CBO released its Update to the Budget and Economic Outlook: Fiscal Years 2012 to 2022 today that highlights what Manufacturers have been saying all year, letting the country go off of the “fiscal cliff” is not the way to address our nation’s fiscal problems. In fact, according to CBO, doing so, will very likely “lead to economic conditions in 2013 that will probably be considered a recession and the unemployment rate rising to about 9 percent in the second half of calendar year 2013.” This point underscores something that NAM’s President Jay Timmons has been saying for a while. The moniker “fiscal cliff” is wrong because going over a cliff assumes there is a bottom once you go over. In this scenario, it’s much worse – we don’t know where the bottom will be, when we will hit it, or even if there is a bottom..
The CBO’s update lays out the problem in stark terms and manufacturers hopes this gets policy makers moving. Allowing all of the changes pending in law – the expiration of the 2001 and 2003 tax relief, the first tranche of sequestration, the AMT patch lapsing, steep reductions in Medicare reimbursement rates – to go into effect will create a perfect storm for economic disruption beginning January 1, 2013. On the bright side, CBO estimates that if these changes don’t go into effect, “(t)he economy would be stronger in 2013: Real GDP would grow by 1.7 percent between the fourth quarter of 2012 and the fourth quarter of 2013, and the unemployment rate would be about 8 percent by the end of 2013.”
For those who continue to believe that allowing the “cliff” to hit would reduce the deficit and that alone is enough reason to stay on course – we point to CBO’s own data in rebuttal. CBO states that, “in the last few years of the 10-year projection period, continued growth in spending for retirement and health care programs will cause mandatory outlays to grow faster than the economy reaching 14.4 percent of GDP in 2022, compared with 13.2 percent in 2012.”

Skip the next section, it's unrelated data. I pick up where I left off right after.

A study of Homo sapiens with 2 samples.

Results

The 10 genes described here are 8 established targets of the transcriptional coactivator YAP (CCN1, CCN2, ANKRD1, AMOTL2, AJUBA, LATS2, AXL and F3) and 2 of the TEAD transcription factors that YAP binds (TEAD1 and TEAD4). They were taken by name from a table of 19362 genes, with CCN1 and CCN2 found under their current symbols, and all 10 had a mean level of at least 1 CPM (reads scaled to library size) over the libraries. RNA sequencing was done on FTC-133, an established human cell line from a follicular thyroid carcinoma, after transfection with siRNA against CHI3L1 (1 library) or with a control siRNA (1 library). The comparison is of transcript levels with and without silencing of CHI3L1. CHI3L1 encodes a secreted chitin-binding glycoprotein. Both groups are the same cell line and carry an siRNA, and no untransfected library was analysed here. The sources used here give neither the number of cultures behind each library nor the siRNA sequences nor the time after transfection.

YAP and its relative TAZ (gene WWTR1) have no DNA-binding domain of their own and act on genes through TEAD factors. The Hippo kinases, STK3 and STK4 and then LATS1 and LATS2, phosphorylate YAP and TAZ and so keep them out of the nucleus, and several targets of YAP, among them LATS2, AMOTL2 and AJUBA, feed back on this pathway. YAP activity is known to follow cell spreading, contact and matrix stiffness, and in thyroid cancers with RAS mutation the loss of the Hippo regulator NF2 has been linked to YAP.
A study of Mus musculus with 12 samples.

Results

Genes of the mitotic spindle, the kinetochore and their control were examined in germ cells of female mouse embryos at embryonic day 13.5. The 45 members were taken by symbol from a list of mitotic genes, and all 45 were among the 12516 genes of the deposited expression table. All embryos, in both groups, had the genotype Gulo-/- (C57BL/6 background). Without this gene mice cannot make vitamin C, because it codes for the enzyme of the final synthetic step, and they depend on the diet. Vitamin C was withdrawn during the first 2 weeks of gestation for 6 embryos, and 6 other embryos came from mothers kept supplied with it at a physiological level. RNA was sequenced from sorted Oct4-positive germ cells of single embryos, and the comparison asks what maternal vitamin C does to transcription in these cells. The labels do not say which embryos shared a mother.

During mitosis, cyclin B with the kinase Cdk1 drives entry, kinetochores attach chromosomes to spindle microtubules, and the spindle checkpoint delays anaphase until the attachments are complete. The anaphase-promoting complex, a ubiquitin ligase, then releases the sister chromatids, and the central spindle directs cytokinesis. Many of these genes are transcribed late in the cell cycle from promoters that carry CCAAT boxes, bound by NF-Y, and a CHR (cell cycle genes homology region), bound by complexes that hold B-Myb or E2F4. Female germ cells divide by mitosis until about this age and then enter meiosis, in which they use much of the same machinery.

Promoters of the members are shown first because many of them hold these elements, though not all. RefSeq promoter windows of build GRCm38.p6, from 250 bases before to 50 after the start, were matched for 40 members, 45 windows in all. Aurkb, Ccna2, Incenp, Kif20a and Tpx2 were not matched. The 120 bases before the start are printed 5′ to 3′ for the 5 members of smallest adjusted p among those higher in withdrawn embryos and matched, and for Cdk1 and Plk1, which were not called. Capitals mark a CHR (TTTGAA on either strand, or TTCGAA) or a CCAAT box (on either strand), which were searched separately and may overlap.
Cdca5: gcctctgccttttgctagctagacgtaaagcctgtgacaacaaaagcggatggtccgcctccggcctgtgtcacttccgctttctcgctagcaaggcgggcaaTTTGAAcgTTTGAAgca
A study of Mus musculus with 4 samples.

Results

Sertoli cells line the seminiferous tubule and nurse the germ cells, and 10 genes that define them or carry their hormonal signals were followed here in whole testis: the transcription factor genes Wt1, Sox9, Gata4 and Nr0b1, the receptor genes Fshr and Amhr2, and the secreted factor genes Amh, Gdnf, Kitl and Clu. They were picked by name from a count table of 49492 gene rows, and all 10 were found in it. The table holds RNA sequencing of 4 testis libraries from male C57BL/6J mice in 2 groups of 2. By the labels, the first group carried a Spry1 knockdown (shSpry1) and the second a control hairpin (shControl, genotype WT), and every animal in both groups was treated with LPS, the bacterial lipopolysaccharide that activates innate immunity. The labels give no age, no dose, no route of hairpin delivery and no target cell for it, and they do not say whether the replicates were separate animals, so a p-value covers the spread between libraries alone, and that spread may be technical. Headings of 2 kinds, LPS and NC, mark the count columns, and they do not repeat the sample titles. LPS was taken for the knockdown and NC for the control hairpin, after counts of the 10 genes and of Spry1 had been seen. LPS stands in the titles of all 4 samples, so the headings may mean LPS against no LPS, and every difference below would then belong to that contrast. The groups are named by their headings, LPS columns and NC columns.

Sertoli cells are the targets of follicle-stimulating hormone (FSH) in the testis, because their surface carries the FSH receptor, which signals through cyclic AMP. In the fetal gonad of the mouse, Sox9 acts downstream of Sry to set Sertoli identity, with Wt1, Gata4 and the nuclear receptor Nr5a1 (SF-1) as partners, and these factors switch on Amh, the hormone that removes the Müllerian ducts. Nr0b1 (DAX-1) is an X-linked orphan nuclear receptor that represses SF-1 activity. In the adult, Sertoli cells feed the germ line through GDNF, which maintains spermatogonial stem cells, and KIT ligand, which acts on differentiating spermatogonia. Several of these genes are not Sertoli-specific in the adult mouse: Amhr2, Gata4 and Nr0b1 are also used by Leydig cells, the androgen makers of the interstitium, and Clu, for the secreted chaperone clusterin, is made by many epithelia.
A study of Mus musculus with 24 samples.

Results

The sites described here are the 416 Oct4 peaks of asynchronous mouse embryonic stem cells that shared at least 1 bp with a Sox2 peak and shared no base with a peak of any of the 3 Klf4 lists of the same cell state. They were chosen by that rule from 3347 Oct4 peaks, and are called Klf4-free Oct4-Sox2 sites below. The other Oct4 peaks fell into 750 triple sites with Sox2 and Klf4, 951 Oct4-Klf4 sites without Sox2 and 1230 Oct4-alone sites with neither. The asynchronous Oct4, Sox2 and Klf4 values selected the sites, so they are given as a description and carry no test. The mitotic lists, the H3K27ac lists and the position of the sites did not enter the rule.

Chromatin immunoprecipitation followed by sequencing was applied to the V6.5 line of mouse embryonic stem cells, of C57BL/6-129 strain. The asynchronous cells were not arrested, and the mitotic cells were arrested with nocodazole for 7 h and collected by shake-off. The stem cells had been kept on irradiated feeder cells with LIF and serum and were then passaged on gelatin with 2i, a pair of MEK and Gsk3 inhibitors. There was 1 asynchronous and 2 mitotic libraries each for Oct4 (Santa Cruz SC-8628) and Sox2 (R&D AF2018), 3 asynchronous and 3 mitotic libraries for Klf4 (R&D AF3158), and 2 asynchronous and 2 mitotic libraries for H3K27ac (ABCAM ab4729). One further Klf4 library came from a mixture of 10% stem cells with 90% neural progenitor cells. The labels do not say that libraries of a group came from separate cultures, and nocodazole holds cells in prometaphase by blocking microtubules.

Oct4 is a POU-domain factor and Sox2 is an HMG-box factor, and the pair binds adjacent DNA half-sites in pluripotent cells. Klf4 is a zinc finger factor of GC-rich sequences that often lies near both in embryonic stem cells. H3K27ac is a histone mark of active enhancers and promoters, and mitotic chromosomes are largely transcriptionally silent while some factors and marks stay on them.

In fact, rather than a call to keep heading towards the abyss, CBO’s update should make clear to Congress that the time is now to veer from the calamitous course we are on and extend current tax policies for a year. This allows Congress the time to address comprehensive tax reform and a plan to address the real drivers of our nation’s deficit – entitlements.
Carolyn Lee is senior director of Tax Policy, National Association of Manufacturers.
In her role, Carolyn leads the Institute’s workforce efforts to close the skills gap and inspire all Americans to enter the U.S. manufacturing workforce, focusing on women, youth, and veterans. Carolyn steers the Institute’s initiatives and programs to educate the public on manufacturing careers, improve the quality of manufacturing education, engage, develop and retain key members of the workforce, and identify and document best practices. In addition, Carolyn drives the agenda for the Center for Manufacturing Research, which partners with leading consulting firms in the country. The Institute studies the critical issues facing manufacturing and then applies that research to develop and identify solutions that are implemented by companies, schools, governments, and organizations across the country.
Prior to joining the Institute, Carolyn was Senior Director of Tax Policy at the NAM beginning in 2011, where she was responsible for key portions of the NAM’s tax portfolio representing the manufacturing community on Capitol Hill and in the business community and working closely with the NAM membership. She served as the Director of Legislative and Government Affairs at the Telecommunications Industry Association, Manager of State and Federal Government Affairs for 3M Company, and in various positions on Capitol Hill including as Legislative Director for former U.S. Senator Olympia Snowe (R-ME), and as a senior legislative staff member for former U.S. Rep. Sue Kelly (R-NY).
Carolyn is a graduate of Gettysburg College in Gettysburg, Pennsylvania graduating with a B.A. in Political Science. She resides in Northern Virginia with her husband and three children.